However, much debate is expected in the snakepit of EU politics before details of how much exactly will be allocated, and how it will be spent, is finalised.

In June, the European Council - the conclave of Europeans heads of government - will meet in Brussels to settle the total size of the EU funding pie of around a trillion euros for the next seven years. This has to cover all areas of EU spending, from security, to agriculture, eurocrats' wages to the international motorway network.

The commission, and the EU's poorer countries, want more than this - equivalent to 1.24 per cent of member states' GNP - for the EU budget. But Britain, Germany, Sweden and some other richer countries - fed up with being the EU's paymasters over the decades - have indicated they want to cap spending at one per cent of member states' GNP.

A cap would be bad news for the commission's science proposal, which covers such areas as health, food, agriculture and biotechnology, nanosciences, energy, and communication technologies. Without an increase in the EU's budget, there would be no scope for extra science funding.

The EU's white elephant, the common agricultural policy, comprises nearly half the EU's budget and has been fixed to 2013, after a stitch-up deal a few years back between main CAP beneficiary France and Germany. Regional funds, the second biggest expenditure, could be a politically-sensitive issue if reduced, since they are allocated to Europe's economically-deprived regions. Other funding areas are insufficiently large to raid, given that science is already the third largest item on the budget.

The bottom line is that Europe's governments want to spend more on science. Average national R&D spending is only 1.5 per cent of GNP, half that of the US and Japan, and R&D is recognised as the key to economic progress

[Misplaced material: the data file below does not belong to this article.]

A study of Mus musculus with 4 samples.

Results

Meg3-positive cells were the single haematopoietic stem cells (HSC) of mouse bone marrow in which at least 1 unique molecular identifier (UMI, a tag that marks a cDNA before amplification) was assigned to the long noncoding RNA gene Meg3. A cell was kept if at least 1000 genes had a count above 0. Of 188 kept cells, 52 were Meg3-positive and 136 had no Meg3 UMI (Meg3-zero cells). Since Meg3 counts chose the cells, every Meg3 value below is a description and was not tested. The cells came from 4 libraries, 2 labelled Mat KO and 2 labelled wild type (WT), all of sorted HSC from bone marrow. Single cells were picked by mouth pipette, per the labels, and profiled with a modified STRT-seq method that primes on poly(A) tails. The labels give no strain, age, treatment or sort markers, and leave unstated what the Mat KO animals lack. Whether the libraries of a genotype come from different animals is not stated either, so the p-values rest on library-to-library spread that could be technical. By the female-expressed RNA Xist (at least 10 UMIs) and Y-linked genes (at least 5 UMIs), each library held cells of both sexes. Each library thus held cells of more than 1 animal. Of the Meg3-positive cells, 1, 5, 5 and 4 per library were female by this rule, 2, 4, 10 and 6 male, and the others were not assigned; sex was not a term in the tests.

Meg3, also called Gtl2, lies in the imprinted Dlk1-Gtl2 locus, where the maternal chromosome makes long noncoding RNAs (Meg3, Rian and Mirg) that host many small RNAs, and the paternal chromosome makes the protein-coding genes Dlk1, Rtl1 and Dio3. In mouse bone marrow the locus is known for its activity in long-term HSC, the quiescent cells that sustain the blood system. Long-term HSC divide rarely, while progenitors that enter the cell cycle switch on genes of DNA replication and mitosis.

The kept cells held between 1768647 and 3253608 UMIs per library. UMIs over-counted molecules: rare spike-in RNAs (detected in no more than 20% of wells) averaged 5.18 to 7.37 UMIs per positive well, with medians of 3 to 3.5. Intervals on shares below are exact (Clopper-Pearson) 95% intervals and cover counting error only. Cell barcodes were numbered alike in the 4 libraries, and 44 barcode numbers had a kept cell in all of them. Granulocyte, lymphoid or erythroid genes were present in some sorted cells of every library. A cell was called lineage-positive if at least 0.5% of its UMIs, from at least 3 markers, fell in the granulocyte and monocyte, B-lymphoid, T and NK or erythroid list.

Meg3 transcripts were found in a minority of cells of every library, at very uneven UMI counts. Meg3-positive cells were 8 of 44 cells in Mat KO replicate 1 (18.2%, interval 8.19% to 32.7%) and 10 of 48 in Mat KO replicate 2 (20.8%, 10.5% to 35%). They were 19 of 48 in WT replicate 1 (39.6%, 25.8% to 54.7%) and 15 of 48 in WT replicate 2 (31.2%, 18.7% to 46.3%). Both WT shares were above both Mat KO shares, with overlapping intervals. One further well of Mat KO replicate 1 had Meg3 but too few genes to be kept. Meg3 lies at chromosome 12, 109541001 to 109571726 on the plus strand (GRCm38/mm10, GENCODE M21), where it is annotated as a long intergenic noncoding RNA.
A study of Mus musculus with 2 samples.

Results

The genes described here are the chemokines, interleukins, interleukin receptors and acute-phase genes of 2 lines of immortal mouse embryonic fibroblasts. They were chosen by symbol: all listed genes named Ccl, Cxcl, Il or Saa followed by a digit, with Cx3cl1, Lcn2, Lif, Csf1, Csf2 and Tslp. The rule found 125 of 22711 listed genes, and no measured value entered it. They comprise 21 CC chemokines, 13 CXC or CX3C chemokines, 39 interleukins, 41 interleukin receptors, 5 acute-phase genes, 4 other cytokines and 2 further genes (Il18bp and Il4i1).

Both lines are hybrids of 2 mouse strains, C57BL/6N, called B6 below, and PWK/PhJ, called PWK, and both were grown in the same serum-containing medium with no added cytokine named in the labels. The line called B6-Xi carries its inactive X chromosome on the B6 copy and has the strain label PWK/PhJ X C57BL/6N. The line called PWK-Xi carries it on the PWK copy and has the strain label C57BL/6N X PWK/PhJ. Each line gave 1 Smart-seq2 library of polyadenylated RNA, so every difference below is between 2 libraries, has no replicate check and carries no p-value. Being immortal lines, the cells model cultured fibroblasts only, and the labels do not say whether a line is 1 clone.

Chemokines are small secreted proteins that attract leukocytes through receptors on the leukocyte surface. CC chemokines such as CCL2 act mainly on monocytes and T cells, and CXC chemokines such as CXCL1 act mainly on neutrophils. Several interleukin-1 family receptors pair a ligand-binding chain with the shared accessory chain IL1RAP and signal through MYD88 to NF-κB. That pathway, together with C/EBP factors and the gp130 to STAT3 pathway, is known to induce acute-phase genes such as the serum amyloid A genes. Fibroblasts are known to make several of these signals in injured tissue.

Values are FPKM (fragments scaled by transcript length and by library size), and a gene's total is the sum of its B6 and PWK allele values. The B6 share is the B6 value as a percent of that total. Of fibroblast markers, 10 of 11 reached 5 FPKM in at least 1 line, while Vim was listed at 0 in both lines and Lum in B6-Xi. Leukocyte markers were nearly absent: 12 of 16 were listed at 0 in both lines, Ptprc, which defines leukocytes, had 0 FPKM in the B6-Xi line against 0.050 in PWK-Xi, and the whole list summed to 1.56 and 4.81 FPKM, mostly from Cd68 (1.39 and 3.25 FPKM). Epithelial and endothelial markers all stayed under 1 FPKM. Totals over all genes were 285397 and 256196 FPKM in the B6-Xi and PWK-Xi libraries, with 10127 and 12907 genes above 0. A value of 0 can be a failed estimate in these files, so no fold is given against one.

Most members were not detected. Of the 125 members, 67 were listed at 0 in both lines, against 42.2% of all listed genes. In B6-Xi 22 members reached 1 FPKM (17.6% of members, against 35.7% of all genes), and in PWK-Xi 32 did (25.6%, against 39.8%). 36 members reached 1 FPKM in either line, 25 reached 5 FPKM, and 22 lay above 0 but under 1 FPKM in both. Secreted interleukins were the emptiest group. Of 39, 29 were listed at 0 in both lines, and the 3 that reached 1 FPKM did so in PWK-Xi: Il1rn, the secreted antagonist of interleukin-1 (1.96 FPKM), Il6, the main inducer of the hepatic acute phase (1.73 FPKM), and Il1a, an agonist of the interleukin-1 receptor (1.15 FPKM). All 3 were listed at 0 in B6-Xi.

The question is whether individual countries want to spend more on European science, rather than, for example, allocating the money the commission demands towards their own science programmes.

The commission's rationale in earlier framework programmes was that their projects gave added value compared to national science funding by awarding money to consortia drawn from several different countries and from small and large firms, industry and academia.

The idea is about "knocking heads together", avoiding duplication of expertise, and achieving the economies of scale and dissemination of knowledge that the US, with its single economy, its good university-industry links, and its common language, already benefits from.

Unfortunately, the commission has been much criticsed for its management skills as well as for the quality of the science that this model has produced.

A report published last year on the current programme, FP6, said that the commission's project evalautors were seen as incompetent at judging a proposal and offered too little feedback to the 85 per cent of proposals they rejected. "One page of feedback for several months of work is not worth it," said one applicant for proposals. Co-ordinators of projects complained of the difficulty of constant liaising with partners in other countries and the bureaucracy and expense of the EU's auditing requirements, ironically put in place because of large cost abuses of earlier programmes.

There were complaints that evaluators made awards based on political correctness - to projects that included EU countries with little science expertise - rather than good science proposals. A further complaint was that European science lacked direction from a central authority with an overview and the ability to form a European strategy with funds to back it, equivalent to US research councils.

The new framework programme has come up with proposals to deal with some of these criticisms, including a streamlines application process and a new European Research Council. But, in the words of one senior official, FP& won't be "a paradigm shift".

Oxford plant scientist Prof Chris Leaver, the chairman of the UK biochemical society, is one of many critics. He said: "If the new European Research Council is run along the same lines as earlier ones, it will be a disaster and no one will sign up for it."

Oncologist Gordon McVie, a veteran of EU funding proposals, said: "The science initiatives are stifled by bureaucracy, and this is compounded by the low level of administrators who are untrained even in the language of science , never mind the ethos."

Faced with more of the same, governments might effectively scupper science commissioner Janez Potcnik's €70bn science bid by capping the total budget later this year. Even if they don't, there is no saying the EU's increased budget will definitely go to science. The EU has no shortage of lobbyists from the transport, development aid and public health sectors, all wanting their slice of the EU cash pie.